It is normal to experience a wide range of emotions if you or a loved one has been diagnosed with prostate cancer. Emotional reactions can range from feelings of vulnerability, sadness, loneliness, and fear of recurrence or death.  Many of these emotions fade over time, but some may develop into clinical depression, intense anxiety, or panic. Having prostate cancer does not mean that you should feel fearful, sad, or depressed all the time.

  • Anxiety is unease, fear, and dread caused by stress. Studies show that nearly half of all patients with cancer say they feel some anxiety and about one-fourth of cancer patients say they feel a great deal of anxiety.
  • Depression is a mood disorder in which persistent feelings of sadness interfere with the ability to participate in normal activities.

Depression or anxiety can not only impact your quality of life, but they can adversely affect your ability to participate actively in treatments. For these reasons, the American Society of Clinical Oncology (ASCO) recommends cancer patients be screened for anxiety and depression. Learn more about depression and stress by watching the video below:

If you’d like to learn more information about depression, stress, or anxiety you can read Prostatepedia February 2018 issue on Stress, Depression, and Prostate Cancer here.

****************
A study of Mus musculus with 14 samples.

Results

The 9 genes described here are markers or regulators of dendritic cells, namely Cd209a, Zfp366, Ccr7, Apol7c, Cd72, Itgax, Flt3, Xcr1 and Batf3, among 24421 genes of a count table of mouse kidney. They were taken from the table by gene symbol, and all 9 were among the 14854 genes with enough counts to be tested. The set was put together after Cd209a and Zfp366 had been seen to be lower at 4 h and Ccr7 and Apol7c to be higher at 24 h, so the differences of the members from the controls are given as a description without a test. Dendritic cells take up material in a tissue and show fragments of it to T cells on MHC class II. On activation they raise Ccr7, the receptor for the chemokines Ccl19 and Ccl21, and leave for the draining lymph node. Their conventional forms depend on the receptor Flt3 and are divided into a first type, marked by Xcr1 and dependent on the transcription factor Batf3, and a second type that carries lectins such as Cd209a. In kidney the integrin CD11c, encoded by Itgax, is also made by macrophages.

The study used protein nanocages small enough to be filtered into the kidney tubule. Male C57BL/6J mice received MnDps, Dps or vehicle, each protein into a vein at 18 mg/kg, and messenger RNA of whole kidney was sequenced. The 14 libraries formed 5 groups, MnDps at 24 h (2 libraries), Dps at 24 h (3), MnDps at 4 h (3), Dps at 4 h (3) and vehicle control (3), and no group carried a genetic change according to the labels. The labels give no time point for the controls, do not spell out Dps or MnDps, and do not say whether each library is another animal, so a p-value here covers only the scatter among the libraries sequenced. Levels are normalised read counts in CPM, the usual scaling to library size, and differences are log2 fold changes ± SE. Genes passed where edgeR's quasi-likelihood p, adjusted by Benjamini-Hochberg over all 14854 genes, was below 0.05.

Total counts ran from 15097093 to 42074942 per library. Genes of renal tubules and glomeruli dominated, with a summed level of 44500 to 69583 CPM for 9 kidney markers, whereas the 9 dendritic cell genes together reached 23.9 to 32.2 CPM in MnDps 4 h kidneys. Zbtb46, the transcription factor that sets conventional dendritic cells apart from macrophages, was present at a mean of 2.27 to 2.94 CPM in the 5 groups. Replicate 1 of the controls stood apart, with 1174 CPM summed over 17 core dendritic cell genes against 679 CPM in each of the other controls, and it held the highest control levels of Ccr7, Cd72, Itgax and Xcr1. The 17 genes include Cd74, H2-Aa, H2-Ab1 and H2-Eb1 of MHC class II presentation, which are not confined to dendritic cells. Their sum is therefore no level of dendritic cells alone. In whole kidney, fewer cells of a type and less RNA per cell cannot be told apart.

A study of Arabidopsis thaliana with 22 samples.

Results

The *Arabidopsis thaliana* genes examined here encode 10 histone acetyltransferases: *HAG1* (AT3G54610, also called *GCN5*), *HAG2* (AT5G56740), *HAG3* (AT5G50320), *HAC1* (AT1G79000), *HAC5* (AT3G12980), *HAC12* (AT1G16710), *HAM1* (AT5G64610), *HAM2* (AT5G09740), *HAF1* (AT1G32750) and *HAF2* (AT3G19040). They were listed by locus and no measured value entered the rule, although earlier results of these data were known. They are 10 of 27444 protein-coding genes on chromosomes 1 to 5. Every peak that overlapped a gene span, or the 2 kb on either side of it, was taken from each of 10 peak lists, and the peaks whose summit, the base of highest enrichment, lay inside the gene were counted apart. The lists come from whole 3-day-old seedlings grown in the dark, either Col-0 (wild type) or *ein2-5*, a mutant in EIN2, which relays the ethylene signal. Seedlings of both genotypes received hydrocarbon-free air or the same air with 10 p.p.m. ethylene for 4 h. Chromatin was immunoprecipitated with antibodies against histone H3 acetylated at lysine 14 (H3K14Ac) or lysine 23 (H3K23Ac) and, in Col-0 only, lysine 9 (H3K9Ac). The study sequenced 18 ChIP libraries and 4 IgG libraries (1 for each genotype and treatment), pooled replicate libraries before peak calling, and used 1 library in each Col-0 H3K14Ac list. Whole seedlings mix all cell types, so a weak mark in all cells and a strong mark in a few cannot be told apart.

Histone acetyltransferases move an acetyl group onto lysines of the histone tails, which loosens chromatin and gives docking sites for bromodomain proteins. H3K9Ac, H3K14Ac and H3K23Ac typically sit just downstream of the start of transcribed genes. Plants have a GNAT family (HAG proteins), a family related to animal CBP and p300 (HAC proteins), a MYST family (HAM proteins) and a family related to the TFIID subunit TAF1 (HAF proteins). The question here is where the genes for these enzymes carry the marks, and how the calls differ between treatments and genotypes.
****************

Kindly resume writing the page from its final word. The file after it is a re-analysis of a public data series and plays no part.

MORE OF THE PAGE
How can I manage depression and emotional distress?

Recognizing and learning to cope with anxiety and depression are important in the effective management of living with prostate cancer. Talk to your healthcare team if you think you are depressed or experiencing emotional distress. If left untreated, depression and anxiety can impact your quality of life. Treating mental health is as important as treating your physical body.

There are some treatment options or management strategies for depression and anxiety:

Talk to family, friends and loved ones

Share what you are feeling with you those around you to feel less alone. Many of the people around you will want to help.

Talk with a counselor, therapist, or social worker

Professional counseling can introduce you to new coping strategies to feel better about yourself and your cancer. Consider finding a therapist with experience working with cancer patients.

Try methods of relaxation

Some of these techniques can include: meditation, breathing exercises, yoga, or guided visualization.

Ask your doctor about medications

There are several prescription medications available today that can help you manage your depression or anxiety.


Move and exercise as much as you can. Research shows that even minimal exercise will help you feel better both physically and emotionally.

Join a support group

Sometimes the best medicine is to talk to someone else who has gone through what you are facing. Many prostate cancer survivors find invaluable information and perspective from others who have “been there.” There are several groups that offer support groups in person, by phone, and online. Find out if there is a group through your local hospital or other agencies in your area. Many times an oncology social worker can direct you to the right resources.